While calculating national income the issues related to ‘cost’ and ‘price’ also needs to be decided. Basically, there are two sets of costs and prices ; and an economy needs to choose at which of the two costs and two prices it will calculate its national income.

(i) Cost :

Income of an economy, i.e., value of its total produced goods and services may be calculated at either the factor cost’ or the’market cost’.

What is the difference between ‘factor cost’ and the ‘market cost’?
Basically, factor cost is the input cost the producer has to incur in the process of producing something (such as cost of capital, i.e.,interest on Joans, raw materials, labour, rent, power, etc.). This is also termed as factory price or production cost / price. This is nothing but price of the commodity from the producer’s side.

While the market cost is derived after adding the indirect taxes to the factor cost of the product, it means the cost at which the goods reach the market, i.e., showrooms (these are the cenvat / central excise and the CST which are paid by the producers to the central government in India).

This is also known as the ‘ex – factory price’. The weight of the state taxes are then added to it, to finally derive the ‘market cost’. In general, they are also called ‘factor price’ and ‘market price’

India officially used to calculate its national income at factor cost (though the data at market cost was also released which were used for other purposes by the governments, commerce and industry).

Since January 2015, the CSO has switched over to calculating it at market price (i.e., market cost). The market price is calculated by adding the product taxes (generally taken as the indirect taxes of the Centre and the States) to the factor cost.

This way India switched over to the popular international practie. Once the GST has been implemented it will be easier for India to calculate its national income at market price.

(ii) Price :

Income can be derived at two prices, constant and current. The difference in the constant and current prices is only that of the impact of inflation.

Inflation is considered stand still at a year of the past (this year of the past is also known as the ‘base year’) in the case of the constant price, while in the current price, present day inflation is added.

Current price is, basically, the maximum retail price (MRP) which we see printed on the goods selling in the market.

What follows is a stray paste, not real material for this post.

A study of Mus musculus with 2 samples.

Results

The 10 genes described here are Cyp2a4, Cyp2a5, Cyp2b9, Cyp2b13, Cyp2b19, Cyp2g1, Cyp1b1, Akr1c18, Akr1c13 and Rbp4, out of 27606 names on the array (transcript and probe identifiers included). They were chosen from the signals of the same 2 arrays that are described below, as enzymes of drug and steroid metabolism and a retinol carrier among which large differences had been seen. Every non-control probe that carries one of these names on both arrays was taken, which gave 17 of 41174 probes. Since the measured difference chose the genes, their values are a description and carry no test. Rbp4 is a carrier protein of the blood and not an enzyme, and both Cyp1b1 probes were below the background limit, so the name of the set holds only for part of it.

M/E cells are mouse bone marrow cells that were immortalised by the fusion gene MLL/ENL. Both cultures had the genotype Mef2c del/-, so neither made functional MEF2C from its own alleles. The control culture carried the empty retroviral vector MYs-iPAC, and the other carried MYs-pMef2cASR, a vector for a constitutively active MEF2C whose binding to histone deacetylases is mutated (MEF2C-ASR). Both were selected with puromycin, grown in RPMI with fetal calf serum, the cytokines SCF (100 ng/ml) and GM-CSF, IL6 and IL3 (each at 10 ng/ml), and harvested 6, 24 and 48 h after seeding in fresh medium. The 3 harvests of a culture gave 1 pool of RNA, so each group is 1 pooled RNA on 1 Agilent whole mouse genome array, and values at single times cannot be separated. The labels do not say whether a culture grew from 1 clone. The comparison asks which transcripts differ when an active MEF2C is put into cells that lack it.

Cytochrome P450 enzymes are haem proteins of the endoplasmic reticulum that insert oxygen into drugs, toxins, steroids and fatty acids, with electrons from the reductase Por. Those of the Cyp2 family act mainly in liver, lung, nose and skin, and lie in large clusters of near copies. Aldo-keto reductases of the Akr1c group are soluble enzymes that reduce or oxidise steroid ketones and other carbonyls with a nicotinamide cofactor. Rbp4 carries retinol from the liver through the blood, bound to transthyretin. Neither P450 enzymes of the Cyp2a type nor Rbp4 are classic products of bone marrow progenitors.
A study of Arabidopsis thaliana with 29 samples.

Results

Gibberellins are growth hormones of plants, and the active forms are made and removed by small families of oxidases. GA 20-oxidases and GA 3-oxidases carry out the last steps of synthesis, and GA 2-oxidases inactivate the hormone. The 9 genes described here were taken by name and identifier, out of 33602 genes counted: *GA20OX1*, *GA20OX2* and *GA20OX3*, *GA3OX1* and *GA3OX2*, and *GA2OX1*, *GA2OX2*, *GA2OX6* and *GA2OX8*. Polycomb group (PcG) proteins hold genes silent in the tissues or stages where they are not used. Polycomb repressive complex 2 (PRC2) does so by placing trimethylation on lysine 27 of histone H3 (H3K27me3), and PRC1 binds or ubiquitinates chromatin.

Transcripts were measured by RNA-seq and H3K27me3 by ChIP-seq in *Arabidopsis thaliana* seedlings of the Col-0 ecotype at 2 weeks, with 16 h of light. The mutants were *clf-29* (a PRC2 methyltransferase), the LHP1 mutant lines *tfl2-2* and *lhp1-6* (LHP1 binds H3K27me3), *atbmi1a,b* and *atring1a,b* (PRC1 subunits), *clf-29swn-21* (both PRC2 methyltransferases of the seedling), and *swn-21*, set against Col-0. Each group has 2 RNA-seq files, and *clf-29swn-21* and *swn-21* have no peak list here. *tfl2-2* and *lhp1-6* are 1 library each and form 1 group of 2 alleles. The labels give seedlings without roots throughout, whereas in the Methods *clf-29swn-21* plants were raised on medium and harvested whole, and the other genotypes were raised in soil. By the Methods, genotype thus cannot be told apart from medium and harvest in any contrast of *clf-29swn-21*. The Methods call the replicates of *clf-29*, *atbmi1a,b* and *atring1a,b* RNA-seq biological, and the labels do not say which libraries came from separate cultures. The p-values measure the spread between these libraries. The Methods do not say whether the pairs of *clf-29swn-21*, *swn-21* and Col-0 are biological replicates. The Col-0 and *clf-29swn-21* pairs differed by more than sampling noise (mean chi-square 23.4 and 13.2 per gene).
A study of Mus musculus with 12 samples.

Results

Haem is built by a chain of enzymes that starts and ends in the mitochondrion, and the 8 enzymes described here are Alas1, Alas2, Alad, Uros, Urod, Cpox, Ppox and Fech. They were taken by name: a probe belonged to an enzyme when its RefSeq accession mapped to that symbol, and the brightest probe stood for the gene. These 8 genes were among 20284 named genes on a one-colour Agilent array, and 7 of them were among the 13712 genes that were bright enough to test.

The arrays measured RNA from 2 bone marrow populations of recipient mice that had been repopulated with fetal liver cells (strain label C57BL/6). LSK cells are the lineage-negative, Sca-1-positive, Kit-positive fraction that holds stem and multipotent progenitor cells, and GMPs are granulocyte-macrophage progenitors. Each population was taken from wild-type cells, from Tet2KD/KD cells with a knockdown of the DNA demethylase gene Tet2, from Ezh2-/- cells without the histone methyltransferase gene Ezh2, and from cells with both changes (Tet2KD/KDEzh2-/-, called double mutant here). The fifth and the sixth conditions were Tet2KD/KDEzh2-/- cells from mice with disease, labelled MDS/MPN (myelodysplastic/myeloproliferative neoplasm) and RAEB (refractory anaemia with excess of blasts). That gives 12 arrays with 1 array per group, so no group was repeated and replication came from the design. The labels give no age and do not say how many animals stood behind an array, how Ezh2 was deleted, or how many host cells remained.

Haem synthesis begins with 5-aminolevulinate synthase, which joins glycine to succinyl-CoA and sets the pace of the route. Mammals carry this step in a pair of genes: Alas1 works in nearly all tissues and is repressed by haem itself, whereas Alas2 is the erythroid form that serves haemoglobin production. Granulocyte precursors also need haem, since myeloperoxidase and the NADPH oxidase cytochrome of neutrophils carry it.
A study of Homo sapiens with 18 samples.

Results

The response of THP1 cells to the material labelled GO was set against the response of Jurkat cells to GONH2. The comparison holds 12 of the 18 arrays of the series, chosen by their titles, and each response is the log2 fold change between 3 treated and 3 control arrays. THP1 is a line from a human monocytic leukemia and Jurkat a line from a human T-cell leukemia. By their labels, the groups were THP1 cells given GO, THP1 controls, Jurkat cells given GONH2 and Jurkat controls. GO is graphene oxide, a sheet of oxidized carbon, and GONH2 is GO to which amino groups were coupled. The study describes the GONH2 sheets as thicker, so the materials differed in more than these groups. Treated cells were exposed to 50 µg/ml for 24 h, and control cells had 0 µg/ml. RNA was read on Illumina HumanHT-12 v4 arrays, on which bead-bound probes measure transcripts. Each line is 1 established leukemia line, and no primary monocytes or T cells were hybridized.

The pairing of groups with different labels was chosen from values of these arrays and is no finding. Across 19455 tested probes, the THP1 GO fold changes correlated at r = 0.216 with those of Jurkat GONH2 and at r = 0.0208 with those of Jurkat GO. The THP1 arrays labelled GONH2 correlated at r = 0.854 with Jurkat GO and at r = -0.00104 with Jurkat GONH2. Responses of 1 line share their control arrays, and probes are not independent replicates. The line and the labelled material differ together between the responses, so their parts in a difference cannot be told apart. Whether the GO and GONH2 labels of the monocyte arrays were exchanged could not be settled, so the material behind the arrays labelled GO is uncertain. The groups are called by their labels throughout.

As per the new guidelines the base year in India has been revised from 2004-05 to 2011-12 January 2015).

India calculates its national income at constant prices – so is the situation among other developing economies, while the developed nations calculate it at the current prices.

For statistical purposes the CSO also releases the national income data ar current prices. Why ?
Basically, inflation has been a challenging aspect of policy making in India because of its level (i.e., range in which it dwindles) and stability (how stable it has been). In such situations growth in the income level of the population living below the poverty level (BPL) can can never be measured accurately (due to higher inflation the section will show higher income) and the government will never be able to measure the real impact of its poverty alleviation programmes.

Here, one important aspect of income needs to be understood. Income of a person has three forms-

The first form is nominal income (the wage someone gets in hand per day or per month),
the second form is real income (this is nominal income minus the present day rate of inflation – adjusted in percentage form), and
the last one is the disposable income (the net part of wage one is free to use which is derived after deducting the direct taxes from the real / nominal income, depending upon the need of data).

Unlike India, among the developed nations, inflation has been around 2 per cent for many decades (it means it has been at lower levels and stable, too. This is why the difference between the incomes at constant and current prices among them are narrow and they calculate their national income at current prices. They get more reliable and realistic data of their income).